Published: Thu, March 15, 2018
Medicine | By Earnest Bishop

Researchers attribute 250K annual CVD deaths in United States to lead exposure

Researchers attribute 250K annual CVD deaths in United States to lead exposure

As many as 412,000 Americans die prematurely every year - mostly from cardiovascular disease - due to past exposure to small amonts of the toxic metal, a new USA study suggested. "Still, lead represents a leading cause of disease and death, and it is important to continue our efforts to reduce environmental lead exposure", explained lead author professor Bruce Lanphear, from Simon Fraser University in Canada, in a statement. The US Occupational Safety and Health Administration (OSHA) requires employers to remove workers from exposure when their blood lead levels rise to 50 µg/dL in the construction industry or 60 µg/dL in other industries, and they can return to work when their blood lead levels go down to 40 µg/dL.

Up to 412,000 deaths a year in the USA can be attributed to lead exposure, according to a new study published Monday in The Lancet Pubilc Health. People who had 6.7 microgram per deciliter (µg/dL) of lead in their blood at the start of the study had a 37% higher chance of dying prematurely from any cause, and a 70% higher chance of dying from heart disease, over the course of the study, compared to people who had 1 µg/dL of lead in their blood. Further, an estimated 28.7 percent of premature cardiovascular disease deaths (256,000 out of 892000) could be attributable to lead exposure.

The study, which was published in The Lancet Public Health journal this week, tracked more than 14,000 adults over a period of about 20 years.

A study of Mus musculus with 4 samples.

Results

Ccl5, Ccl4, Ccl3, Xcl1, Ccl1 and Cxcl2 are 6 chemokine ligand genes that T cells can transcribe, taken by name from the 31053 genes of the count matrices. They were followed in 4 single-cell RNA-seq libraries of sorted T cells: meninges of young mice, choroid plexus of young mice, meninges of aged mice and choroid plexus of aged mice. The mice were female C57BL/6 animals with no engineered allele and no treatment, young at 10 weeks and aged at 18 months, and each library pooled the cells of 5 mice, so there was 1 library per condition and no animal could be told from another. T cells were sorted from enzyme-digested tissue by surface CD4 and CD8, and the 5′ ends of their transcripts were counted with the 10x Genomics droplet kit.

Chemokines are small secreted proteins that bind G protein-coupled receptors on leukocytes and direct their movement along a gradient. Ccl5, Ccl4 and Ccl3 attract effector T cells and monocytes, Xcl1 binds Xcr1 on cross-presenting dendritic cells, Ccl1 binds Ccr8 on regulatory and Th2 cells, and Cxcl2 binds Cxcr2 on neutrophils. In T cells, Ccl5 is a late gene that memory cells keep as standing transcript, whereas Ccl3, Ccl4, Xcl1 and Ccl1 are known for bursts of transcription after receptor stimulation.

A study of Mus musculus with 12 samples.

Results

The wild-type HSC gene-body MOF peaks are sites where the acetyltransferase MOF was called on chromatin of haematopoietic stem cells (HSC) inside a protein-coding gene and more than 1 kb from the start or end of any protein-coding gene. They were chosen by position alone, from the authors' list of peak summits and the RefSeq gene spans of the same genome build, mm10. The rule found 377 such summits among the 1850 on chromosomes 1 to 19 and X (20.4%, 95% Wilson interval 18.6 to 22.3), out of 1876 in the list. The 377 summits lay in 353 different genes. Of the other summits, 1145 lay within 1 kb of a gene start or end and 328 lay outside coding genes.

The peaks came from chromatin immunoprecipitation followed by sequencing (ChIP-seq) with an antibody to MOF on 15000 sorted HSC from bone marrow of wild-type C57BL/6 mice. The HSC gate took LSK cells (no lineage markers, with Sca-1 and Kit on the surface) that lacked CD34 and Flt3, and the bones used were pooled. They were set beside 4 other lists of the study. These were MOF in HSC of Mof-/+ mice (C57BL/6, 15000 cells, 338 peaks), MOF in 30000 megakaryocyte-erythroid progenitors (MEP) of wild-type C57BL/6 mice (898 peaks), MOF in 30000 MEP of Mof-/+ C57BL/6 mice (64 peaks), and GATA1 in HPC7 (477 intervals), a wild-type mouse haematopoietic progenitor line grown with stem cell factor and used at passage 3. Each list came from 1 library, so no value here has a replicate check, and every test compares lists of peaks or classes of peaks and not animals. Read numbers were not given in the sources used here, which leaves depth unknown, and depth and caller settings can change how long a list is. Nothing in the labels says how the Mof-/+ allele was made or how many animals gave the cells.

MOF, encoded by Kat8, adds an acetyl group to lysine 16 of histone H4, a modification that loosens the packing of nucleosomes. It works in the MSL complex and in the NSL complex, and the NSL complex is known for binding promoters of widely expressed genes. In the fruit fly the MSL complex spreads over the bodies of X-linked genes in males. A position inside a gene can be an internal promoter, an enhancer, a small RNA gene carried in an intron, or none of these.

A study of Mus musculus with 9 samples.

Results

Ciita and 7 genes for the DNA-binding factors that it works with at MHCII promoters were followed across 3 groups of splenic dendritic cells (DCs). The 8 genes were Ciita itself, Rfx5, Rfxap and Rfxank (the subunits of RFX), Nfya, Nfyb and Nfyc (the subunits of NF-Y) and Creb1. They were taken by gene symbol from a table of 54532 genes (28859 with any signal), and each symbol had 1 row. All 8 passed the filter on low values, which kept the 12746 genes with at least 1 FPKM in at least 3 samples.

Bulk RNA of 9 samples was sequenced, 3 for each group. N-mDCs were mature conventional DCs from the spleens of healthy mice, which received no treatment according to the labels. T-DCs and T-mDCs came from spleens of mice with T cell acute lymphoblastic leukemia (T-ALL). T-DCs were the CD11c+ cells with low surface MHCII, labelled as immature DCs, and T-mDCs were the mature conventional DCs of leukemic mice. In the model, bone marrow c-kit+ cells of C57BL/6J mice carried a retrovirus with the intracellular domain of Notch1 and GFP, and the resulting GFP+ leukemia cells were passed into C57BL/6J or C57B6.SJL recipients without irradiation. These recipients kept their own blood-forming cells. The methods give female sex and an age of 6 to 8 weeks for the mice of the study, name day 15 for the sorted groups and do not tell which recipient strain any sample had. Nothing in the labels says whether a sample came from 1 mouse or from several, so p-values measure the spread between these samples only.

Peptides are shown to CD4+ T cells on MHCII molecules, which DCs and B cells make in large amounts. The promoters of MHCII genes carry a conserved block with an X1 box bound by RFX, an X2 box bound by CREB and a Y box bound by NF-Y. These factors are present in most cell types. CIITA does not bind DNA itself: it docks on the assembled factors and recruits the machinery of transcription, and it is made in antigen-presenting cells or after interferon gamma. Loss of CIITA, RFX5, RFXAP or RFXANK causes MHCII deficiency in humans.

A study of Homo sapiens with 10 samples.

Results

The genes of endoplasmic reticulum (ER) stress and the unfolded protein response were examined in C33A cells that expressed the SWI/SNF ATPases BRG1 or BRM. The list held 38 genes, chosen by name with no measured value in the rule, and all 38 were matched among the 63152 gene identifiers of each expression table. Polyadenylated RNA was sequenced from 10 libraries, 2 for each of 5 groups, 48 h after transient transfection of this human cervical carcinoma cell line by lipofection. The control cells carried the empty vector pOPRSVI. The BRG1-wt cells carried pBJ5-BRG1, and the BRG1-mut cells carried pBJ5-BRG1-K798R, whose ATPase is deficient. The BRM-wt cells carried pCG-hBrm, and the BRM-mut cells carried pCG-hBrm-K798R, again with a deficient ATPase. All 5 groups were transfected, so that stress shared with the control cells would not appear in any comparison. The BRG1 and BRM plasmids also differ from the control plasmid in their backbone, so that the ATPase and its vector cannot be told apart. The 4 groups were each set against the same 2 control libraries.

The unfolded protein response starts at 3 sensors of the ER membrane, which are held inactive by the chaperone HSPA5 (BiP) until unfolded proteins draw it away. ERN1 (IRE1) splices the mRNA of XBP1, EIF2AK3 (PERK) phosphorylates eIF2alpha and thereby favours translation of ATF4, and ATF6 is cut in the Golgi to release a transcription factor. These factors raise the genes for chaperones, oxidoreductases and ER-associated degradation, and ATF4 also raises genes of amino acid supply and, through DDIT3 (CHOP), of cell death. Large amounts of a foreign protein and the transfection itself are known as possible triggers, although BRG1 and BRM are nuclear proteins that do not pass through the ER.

The figures quoted apply to the United States, and it is unclear how levels of lead exposure in Britain compare, but "if results were similar in this country it would mean 100,000 deaths a year could be linked to past lead pollution", says The Times. But only 20% of Americans now smoke, while lead exposure is more common, affecting 90% of people in the study. "The time has come to end inattention to the contribution of pollution to mortality from non-communicable diseases and to thoroughly re-examine lead's role in changing global patterns of cardiovascular disease".


One in five of the subjects (around 3630 people) had levels of 5 μg/dL or more.

The largest lead concentrations found in the study were 10 times higher. This is given by the US Centers for Disease Control and Prevention annually. However, because lead can contribute to conditions such as high blood pressure and hardening of arteries, it is also believed to contribute to cardiovascular and heart disease.

Tim Chico from the University of Sheffield said: "This study suggests that lead, or factors that increase people's exposure to lead, causes thousands more deaths every year than we previously recognised".